David Harvey is a university professor and a geographer who describes himself as a Marxist. His series of video lectures on Capital have been viewed by hundreds of thousands as a new generation of young people became interested in Marxism in the wake of the 2008 crisis. For these reasons, his recent statement that he is against the revolutionary overthrow of capitalism has logically caused a stir.

The pandemic and the economic catastrophe it has triggered are threatening to roll back decades of gains in terms of women’s liberation. Capitalism in crisis can offer only counter-reforms. To end oppression, we need socialism.

In June 1831, a community of Welsh miners rose up against the ironmasters and defied the might of the British state, seizing control of their town for a full week, and flying the red flag for the first time on British soil as a symbol of workers' insurrection.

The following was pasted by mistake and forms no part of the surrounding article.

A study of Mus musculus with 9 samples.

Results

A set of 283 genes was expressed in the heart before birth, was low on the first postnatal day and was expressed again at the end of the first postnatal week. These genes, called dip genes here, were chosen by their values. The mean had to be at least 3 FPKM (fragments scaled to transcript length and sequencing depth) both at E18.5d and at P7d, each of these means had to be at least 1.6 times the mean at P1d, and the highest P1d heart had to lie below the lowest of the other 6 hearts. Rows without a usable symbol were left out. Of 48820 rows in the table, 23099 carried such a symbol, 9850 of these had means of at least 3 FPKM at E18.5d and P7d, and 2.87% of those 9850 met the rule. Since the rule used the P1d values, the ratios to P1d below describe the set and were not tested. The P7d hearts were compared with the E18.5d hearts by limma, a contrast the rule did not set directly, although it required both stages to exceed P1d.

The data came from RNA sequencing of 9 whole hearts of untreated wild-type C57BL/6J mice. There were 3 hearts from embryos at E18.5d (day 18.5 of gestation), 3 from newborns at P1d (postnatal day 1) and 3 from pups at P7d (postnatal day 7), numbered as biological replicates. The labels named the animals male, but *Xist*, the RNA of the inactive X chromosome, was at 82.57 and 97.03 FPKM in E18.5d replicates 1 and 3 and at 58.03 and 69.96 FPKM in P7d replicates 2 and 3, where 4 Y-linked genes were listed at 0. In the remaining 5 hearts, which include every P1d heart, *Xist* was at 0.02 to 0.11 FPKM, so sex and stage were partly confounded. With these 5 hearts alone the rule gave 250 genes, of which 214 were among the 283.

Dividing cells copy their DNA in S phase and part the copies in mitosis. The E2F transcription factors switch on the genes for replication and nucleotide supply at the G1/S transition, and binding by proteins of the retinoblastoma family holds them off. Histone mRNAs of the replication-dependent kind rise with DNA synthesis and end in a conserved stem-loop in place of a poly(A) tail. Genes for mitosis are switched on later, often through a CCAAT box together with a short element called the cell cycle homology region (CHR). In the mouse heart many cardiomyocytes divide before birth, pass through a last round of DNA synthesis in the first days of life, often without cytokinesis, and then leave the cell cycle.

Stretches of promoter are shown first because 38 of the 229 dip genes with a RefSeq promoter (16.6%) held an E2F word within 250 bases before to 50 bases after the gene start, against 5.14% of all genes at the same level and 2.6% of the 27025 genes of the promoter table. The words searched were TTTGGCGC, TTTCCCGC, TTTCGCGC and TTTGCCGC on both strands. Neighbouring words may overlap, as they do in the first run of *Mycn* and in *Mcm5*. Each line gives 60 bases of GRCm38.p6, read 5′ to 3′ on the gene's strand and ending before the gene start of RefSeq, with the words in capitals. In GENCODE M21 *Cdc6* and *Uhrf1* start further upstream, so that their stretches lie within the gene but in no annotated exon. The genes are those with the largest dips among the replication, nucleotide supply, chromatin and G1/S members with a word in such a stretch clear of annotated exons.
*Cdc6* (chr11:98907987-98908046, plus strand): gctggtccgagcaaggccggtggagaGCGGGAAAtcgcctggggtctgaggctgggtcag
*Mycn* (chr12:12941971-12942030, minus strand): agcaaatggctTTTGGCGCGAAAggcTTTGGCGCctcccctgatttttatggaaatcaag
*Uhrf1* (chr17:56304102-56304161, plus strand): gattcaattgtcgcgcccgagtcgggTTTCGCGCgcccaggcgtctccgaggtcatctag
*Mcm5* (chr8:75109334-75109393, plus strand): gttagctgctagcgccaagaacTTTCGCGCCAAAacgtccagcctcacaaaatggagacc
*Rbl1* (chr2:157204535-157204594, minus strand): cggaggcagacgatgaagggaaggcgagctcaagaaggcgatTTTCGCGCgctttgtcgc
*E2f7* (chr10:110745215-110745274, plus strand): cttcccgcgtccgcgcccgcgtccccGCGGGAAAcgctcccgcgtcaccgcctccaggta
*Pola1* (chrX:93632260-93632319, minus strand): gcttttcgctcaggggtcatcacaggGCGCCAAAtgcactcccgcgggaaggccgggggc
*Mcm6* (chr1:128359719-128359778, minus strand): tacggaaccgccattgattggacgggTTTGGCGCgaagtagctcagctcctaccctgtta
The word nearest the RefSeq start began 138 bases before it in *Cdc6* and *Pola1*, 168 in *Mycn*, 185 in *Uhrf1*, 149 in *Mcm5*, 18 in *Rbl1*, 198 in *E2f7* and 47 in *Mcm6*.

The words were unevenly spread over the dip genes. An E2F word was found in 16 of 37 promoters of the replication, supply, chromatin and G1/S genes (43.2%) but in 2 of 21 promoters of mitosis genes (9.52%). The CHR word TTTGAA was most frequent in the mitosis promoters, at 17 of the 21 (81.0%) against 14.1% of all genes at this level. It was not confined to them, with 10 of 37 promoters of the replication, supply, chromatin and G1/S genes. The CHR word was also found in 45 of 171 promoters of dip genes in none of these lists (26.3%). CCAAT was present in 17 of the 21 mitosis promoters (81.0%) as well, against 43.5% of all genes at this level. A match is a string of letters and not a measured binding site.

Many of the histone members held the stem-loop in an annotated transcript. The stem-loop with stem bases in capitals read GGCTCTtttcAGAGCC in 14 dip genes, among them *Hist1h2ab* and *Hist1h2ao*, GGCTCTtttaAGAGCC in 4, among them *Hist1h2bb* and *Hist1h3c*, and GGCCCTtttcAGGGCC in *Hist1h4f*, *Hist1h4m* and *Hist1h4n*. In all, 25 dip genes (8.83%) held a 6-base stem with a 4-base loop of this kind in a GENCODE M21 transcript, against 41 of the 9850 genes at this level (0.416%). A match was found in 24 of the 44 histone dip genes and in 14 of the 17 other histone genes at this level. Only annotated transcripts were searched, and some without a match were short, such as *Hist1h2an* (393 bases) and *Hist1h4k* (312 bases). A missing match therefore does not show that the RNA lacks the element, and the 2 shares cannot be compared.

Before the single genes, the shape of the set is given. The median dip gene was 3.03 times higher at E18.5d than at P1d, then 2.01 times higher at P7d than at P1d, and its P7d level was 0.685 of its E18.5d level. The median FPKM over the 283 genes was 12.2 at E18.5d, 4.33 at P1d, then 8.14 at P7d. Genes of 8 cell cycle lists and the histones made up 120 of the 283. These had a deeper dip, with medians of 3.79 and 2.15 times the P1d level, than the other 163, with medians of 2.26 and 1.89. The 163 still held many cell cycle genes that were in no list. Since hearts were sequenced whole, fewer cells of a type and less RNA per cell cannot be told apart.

In this article, Josh Holroyd discusses the so-called Tributary Mode of Production, which has gained traction in academic circles as an alleged ‘update’ to Marx’s conception of historical development. However, a close inspection of this theory, its method and origins reveals less a development of Marxism than a retreat from it, in the face of attacks from its reactionary opponents in the universities.

Governments everywhere are pumping money into the world economy to keep it on life support. Followers of Keynesian ideas – of government stimulus and demand-side management – feel vindicated. But only Marxism offers a solution.